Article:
Notebook: Indiana dominates Savannah State in 95-49 win
Heading into Saturday night’s game against Savannah State, Indiana did not have the greatest track record against inferior opponents.
They won by just 13 over Lamar — a team that won four games last season. They beat UNC Greensboro by just eight points. And they also lost to Eastern Washington from the Big Sky Conference.
But on Saturday, the Hoosiers took care of business in Assembly Hall, dominating the Tigers en route to a 95-49 victory to extend their record this season to 7-1.
“Well, really, we learned that from our Eastern Washington game — if you don’t get up for a team, they start to gain confidence and they think that they can play with you,” freshman James Blackmon Jr. said. “Tonight we just wanted to start from the beginning and that’s what we did.”
The Hoosiers did get off to a slow start against Savannah State as they led just 10-9 with 14:55 to go in the first half. But from there, the Hoosiers did not look back.
Savannah State’s offensive ineptitude combined with an improved defensive effort from the Hoosiers led to a 43-17 margin at halftime. The Tigers were averaging just 0.49 points per possession. Indiana limited their offensive rebound percentage to just 14.3 percent as well.
“We just want our players to continue to understand that they have to be in control of what they can control,” Indiana coach Tom Crean said. “And they can’t control everything that goes on in a game, but they can control their intensity. They can control their talk. They can control, you know, what we are trying to do with the game plan. They can control how hard they run, those type of things.
“So that’s the kind of improvement we want to continue to make, and if you make that improvement, then all of a sudden your execution is better, and you get more stops.”
The Tigers were able to improve their scoring and offensive rebounding rates in the second half — they finished with 0.72 points per possession and a 26.2 OR% — but all night they were unable to stop Indiana’s offense. They were able to pressure it, though.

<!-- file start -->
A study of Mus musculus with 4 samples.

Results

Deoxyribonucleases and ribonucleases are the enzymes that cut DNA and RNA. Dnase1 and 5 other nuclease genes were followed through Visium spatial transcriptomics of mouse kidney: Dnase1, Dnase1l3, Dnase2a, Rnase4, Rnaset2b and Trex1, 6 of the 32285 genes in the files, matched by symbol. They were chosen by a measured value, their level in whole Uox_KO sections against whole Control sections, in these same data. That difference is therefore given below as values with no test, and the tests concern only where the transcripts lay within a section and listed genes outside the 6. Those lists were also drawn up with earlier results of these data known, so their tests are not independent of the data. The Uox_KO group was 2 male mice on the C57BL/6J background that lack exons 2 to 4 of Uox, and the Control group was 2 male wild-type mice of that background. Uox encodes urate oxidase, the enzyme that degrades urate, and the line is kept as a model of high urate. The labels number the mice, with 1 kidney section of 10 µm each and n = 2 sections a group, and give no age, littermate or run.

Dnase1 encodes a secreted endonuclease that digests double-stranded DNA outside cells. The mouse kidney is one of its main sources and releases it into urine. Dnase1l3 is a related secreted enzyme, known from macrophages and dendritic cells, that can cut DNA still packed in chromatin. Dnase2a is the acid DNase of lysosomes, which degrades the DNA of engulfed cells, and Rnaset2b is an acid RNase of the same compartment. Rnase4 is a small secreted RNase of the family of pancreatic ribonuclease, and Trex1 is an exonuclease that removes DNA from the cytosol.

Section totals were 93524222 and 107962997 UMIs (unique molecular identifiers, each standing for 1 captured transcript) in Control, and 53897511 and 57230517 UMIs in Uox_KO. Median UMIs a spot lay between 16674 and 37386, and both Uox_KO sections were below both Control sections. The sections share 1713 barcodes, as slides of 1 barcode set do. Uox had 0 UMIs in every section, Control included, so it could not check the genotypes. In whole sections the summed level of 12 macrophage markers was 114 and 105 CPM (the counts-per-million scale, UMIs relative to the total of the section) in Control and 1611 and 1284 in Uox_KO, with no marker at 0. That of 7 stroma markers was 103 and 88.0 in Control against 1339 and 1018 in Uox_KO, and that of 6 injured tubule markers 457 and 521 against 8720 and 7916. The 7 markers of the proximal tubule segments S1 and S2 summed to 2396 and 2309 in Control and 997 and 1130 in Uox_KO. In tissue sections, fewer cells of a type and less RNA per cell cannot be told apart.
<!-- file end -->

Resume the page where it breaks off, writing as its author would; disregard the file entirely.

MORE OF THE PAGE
Utilizing a press, Savannah State forced 14 turnovers. Still, though, Indiana averaged 1.40 points per possession — nearly double the rate the Tigers scored at. And the Hoosiers emerged with with their second-largest margin of victory this season.
“That was a great I guess pre-test for us,” junior Yogi Ferrell said. “We do know Louisville presses, so we wanted to go out there and try to beat the press as best we could, pass, attack, move. So this is a good pre-test for us.”
Stanford Robinson improving in changing role
Coming off his four-game suspension to start the season, sophomore Stanford Robinson has found himself behind not only Ferrell and Blackmon on the depth chart, but also freshman Robert Johnson.
Compounded with his switch from shooting left-handed to right-handed, and Robinson has not had the easiest start to the season.
“Stan works extremely hard,” Crean said. “Since he’s been back, he doesn’t go home after the walk-through. He eats, he sits around a little bit and then he goes back out in the gym and shoots. I see it countless; I’m worried, ‘OK, are you working too hard?’ I mean, he wants it so bad.
“So to me, we are trying to remind him as his shooting improves, just do what his strengths entail and just go as hard as you can go, change speed and direction, attack the rim, make simple plays, and be just a defensive hawk.”
Against Savannah State, Robinson had five assists and seven points (six on baskets in the paint) in 13 minutes of action. It’s the most court-time for the sophomore since the Eastern Washington game.
Ferrell praised Robinson, too, for playing downhill basketball against the Tigers and creating opportunities in the paint. It’s exactly what Indiana wants out of Robinson moving forward as his shooting progresses.
“I thought tonight was a big step for him in playing that way, and statistics showed it,” Crean said. “But most importantly the spirit and the mentality that he played with showed it.”
Holt and Hartman ‘impacting our team’
Once again on Saturday, freshman Emmitt Holt and sophomore Collin Hartman played roles in an Indiana win.
Holt was the first off the bench for Indiana on Saturday, and the 6-foot-7 forward went on to have eight points, five rebounds, two blocks and a steal in just 11 minutes of action.
Hartman, meanwhile, continued to play a role in the Hoosiers’ rotation, scoring seven points in 15 minutes.
Following the game, Crean said both Hartman and Holt are being effective from the hustle game. And he expects both to continue to play a major role down the road.
“They come into the games and they really are playing like they belong,” Crean said. “And they are making a difference and they are impacting our team.”